Disabilities and Health-related Needs
Select an option below for more information
The following guidelines outline the responsibilities of a scribe for a test taker with a disability. If you have any questions, please contact Disability Services. Only test administration staff may be assigned to serve as a scribe for a test taker.
Sometimes a test taker, because of his or her disability, has trouble speaking clearly or distinctly. The scribe should confirm the test taker's response. If the scribe can’t understand a test taker's speech, or it is barely audible, large cards, each indicating one of the four or five test options, can be used. The test taker can then choose the appropriate card.
Test takers with disabilities must be given the same opportunity as other test takers to plan, draft and revise their essays or constructed responses. This means that the scribe may write down an outline or other plan as directed by the test taker. The scribe must write down the words of the test taker exactly as dictated. When the essay or constructed response is finished, if time permits, the test taker may read the essay or response and dictate revisions. If the test taker's disability prevents them from reading the essay or constructed response, the scribe may read it aloud and allow the test taker to dictate revisions.
The scribe's responsibility is to be both accurate and fair, neither diminishing the fluency of the test taker nor helping to improve or alter what the test taker asks to be recorded.
The scribe's role includes the following considerations:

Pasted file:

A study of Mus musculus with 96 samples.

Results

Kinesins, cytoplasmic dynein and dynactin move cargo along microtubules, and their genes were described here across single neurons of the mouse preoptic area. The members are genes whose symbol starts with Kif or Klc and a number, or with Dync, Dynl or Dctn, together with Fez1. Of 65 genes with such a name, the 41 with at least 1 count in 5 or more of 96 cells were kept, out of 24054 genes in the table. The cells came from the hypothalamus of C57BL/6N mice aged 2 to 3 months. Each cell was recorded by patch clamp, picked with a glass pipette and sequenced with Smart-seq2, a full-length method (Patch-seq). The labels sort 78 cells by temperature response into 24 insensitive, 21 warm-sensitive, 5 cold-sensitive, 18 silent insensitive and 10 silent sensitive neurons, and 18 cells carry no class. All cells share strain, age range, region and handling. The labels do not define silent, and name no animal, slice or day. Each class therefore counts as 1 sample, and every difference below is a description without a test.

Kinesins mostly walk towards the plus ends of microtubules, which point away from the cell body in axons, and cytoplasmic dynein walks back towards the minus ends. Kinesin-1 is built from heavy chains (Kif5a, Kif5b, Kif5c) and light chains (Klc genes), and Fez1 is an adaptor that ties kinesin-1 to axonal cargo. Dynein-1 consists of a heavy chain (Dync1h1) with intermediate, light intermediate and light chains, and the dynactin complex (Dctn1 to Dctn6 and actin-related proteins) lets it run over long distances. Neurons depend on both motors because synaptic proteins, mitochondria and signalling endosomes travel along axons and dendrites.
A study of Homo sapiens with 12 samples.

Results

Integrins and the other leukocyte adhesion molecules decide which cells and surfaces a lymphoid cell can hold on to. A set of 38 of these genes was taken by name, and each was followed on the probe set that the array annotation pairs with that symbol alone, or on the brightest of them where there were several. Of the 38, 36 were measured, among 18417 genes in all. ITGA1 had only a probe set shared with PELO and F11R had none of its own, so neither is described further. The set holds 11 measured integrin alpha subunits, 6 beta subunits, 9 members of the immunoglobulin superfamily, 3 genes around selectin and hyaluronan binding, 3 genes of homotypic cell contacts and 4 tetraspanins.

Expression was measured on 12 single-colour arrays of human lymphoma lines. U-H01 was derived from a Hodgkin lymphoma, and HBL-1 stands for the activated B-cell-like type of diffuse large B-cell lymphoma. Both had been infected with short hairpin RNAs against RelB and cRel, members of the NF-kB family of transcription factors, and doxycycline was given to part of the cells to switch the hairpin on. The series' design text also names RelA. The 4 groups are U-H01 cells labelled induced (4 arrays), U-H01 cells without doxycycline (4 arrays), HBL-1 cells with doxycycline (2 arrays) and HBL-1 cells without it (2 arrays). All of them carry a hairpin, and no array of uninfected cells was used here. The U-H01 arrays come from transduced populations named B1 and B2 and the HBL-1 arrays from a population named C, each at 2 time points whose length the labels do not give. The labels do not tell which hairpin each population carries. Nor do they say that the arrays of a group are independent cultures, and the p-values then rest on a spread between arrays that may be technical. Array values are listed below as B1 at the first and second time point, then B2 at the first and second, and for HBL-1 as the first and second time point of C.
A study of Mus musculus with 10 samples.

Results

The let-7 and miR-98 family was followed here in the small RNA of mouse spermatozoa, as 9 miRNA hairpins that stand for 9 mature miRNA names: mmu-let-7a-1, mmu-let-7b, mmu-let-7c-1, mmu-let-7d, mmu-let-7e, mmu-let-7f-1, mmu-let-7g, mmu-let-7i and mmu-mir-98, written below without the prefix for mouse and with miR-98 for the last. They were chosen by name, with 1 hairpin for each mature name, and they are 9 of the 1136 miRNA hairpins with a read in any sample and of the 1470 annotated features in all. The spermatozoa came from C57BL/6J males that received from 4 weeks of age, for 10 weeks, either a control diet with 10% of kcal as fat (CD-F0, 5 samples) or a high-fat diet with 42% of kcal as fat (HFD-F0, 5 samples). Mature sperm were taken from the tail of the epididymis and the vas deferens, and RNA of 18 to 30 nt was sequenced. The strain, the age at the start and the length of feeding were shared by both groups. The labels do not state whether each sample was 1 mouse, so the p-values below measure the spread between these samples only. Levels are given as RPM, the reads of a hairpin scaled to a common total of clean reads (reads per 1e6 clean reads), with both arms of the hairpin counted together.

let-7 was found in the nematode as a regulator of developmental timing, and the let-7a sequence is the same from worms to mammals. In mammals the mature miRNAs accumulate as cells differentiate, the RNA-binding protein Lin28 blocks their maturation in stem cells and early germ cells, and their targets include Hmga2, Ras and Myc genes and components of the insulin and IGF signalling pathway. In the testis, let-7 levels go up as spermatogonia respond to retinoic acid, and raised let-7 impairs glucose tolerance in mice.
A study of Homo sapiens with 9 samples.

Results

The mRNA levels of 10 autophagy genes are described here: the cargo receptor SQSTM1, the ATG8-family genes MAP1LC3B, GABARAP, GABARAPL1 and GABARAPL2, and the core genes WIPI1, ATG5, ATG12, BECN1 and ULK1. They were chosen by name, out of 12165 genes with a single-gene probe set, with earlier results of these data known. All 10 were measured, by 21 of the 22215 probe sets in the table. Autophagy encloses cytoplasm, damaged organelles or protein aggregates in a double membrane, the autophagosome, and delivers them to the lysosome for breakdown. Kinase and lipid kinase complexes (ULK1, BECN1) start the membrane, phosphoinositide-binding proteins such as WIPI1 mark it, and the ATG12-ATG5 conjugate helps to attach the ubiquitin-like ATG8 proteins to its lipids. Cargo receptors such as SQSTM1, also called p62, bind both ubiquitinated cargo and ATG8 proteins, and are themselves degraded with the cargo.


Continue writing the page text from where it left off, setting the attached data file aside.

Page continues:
Because good essay and constructed-response writing demands fluency, the scribe's job is to record the test taker's production accurately without making the task even more complicated. Clearly, a well-educated scribe could improve the mechanics (spelling, capitalization and punctuation) of a weak essay or response. On the other hand, even a capable scribe who had to spell out every word would begin to sound stilted. The scribe's responsibility, therefore, is to strike a balance.
Test takers must:
Test takers, after indicating that they know to start a sentence with a capital letter and end with a period, or to capitalize the letter "I" when referring to themselves, do not have to continue to specify these conventions throughout. The scribe should apply these automatically.
The essay or response must be written in longhand or typed, as approved by the testing program. The test taker should have an opportunity to review and revise the essay or response providing the time allotted has not expired. Cross-outs and insertions are allowed and are not penalized, as for all test takers. Persons who score the essays or constructed responses will not be informed that any testing accommodations were allowed.
The scribe will have to make many decisions about how to proceed in situations that are not described above. The guiding principle in making these decisions should be that the process should neither help nor penalize the test taker.
The test center administrator may also stop the test and dismiss the test taker if they believe that the scribe has provided the test taker with any unfair advantage. In such instances, ETS reserves the right to cancel the test taker's score.